What is the difference between tequila and mezcal?

Tequila has been around as far back as we can remember — it's one of the main clear spirits found on every bar rail, along with rum, gin, and vodka, although there are also numerous top-shelf varieties both darker in color and more complex in flavor due to aging. Whether it's been hidden in a Long Island Iced tea, played a more prominent role in a margarita, or been served up straight with a salt and lemon chaser, chances are, if you've whiled away any of your misspent youth hanging out in bars, you've encountered tequila in some form. 

Lately, however, as craft cocktails become increasingly popular, you may be starting to see mezcal on your snootier type of bar menu. So what is mezcal, anyway? Is it just some upmarket name for tequila, or are the two actually different types of liquor?

The short explanation, according to Wine Enthusiast (which manages to drum up a little enthusiasm for spirits other than wine), is that tequila is a type of mezcal, but not all mezcals are tequila. Both are produced from the agave plant, but mezcal can come from any of 50-some varieties of said plant, while tequila comes from only one: Weber blue agave, which is also known as agave tequilana Weber for all of you botanists and Latin speakers.

The flavor difference between tequila and mezcal

While we've established that yes, technically tequila is a type of mezcal, generally when you encounter mezcal on a bar menu, it refers to some other type of mezcal. The agave that goes to produce tequila is usually steamed, while agave used to produce other types of mezcal may be pit-roasted — this process is what gives many mezcals their characteristic smoky flavor. 

As Saucey describes it, mezcal is to tequila as Scotch is to whiskey — although actually the opposite is true if you consider that Scotch is a type of whiskey just as tequila is a type of mezcal.

Food & Wine shares the fact that tequila is primarily produced in five different regions of Mexico: Jalisco, Nayarit, Michoacán, Guanajuato, and Tamaulipas. While the last three regions also produce mezcal, the latter liquor is also made in Durango, Guerrero, San Luis Potosi, Zacatecas, Puebla, and Oaxaca. In fact, 85 percent of all mezcal originates in Oaxaca. Although there are agave-based spirits produced outside of mezcal's nine official Denominacións de Origens (Dos), they cannot be labelled as mezcal, in much the way that bubbly produced outside France's pricy Champagne region is merely sparkling wine.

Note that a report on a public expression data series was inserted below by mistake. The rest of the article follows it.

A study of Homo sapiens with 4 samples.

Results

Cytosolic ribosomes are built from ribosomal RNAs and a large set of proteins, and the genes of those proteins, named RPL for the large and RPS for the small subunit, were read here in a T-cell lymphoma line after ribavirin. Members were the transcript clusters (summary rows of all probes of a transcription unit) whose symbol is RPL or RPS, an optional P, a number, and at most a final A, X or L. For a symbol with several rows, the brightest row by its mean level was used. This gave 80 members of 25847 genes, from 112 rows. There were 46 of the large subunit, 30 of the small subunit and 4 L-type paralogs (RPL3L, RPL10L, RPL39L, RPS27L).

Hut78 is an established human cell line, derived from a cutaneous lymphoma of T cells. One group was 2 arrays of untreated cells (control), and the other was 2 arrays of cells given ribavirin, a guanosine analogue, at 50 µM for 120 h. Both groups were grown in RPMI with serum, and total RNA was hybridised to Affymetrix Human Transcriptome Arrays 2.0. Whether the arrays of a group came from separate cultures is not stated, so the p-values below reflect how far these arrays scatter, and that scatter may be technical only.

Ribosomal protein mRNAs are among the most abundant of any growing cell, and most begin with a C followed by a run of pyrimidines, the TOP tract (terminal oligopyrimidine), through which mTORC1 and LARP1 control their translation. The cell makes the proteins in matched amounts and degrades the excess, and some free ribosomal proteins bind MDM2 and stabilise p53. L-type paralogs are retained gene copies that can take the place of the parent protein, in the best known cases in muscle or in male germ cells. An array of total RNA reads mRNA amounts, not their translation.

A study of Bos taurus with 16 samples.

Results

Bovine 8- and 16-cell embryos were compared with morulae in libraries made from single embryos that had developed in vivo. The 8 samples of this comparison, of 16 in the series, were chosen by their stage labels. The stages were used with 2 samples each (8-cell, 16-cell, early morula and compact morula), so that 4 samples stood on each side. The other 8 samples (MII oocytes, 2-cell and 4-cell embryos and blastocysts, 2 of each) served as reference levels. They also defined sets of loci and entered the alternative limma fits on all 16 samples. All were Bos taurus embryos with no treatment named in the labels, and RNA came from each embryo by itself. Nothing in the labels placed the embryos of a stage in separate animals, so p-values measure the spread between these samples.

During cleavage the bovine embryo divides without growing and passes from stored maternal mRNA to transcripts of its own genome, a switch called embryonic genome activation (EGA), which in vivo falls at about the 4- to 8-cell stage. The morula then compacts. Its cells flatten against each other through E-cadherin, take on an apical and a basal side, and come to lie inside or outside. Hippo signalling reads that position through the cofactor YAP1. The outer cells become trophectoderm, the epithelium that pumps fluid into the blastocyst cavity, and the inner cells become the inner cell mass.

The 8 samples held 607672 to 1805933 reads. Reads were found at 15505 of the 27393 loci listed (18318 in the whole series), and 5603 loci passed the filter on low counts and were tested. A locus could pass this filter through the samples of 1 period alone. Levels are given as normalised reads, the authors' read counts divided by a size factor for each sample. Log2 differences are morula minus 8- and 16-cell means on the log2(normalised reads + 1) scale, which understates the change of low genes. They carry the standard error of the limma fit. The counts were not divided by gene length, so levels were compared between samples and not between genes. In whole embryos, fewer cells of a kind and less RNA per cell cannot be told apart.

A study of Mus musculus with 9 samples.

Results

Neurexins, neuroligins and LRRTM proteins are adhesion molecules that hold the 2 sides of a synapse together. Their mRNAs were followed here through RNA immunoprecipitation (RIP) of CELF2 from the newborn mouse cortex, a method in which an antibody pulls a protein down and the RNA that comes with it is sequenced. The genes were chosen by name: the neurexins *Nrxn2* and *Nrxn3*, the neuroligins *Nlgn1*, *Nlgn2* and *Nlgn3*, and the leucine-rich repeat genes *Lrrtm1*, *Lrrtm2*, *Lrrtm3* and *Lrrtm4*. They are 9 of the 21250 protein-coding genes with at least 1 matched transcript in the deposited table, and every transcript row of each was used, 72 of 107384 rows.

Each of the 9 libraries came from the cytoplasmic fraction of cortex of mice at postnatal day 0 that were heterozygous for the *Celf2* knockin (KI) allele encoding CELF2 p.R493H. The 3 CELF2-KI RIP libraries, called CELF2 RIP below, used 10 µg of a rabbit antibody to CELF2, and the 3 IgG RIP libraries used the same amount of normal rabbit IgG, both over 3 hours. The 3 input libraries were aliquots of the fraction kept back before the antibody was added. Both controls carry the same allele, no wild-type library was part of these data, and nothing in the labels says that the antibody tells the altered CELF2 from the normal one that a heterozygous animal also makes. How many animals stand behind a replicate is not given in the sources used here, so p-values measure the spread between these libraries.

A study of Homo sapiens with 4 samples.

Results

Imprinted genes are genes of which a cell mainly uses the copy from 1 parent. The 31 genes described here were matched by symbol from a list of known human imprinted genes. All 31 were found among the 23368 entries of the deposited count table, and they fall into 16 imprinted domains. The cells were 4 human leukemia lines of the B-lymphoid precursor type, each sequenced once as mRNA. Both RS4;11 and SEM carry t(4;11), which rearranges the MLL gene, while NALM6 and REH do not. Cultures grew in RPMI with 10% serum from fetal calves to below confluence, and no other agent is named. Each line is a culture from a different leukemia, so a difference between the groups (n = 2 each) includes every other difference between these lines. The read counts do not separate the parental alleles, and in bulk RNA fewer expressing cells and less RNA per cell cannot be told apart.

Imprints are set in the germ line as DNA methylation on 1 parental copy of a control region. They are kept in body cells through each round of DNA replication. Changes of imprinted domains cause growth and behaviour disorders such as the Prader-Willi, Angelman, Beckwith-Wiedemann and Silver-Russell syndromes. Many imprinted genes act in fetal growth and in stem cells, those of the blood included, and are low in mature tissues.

Mezcal and tequila are both best sellers

Tequila is still big business — George Clooney and partners sold their Casamigos brand for a cool billion in 2017, and tequila sales brought in $3 billion in revenue in 2018 alone. While mezcal's sales figures for the same year were a much smaller $90 million, these figures nevertheless represented a sharp rise in recognition for this once-obscure spirit. During that one year, U.S. mezcal consumption increased by 32.4 percent, and its popularity seems poised to keep on growing.

Oh, and one more word on the difference between the two spirits: the one with the worm? That's actually mezcal, not tequila (via Grunge). But the worm-averse need not worry — the whole bug-in-the-bottle deal was dreamed up as a marketing gimmick. Now that mezcal's gone upscale, the best brands won't need to resort to such cheap tricks to get you to drink them.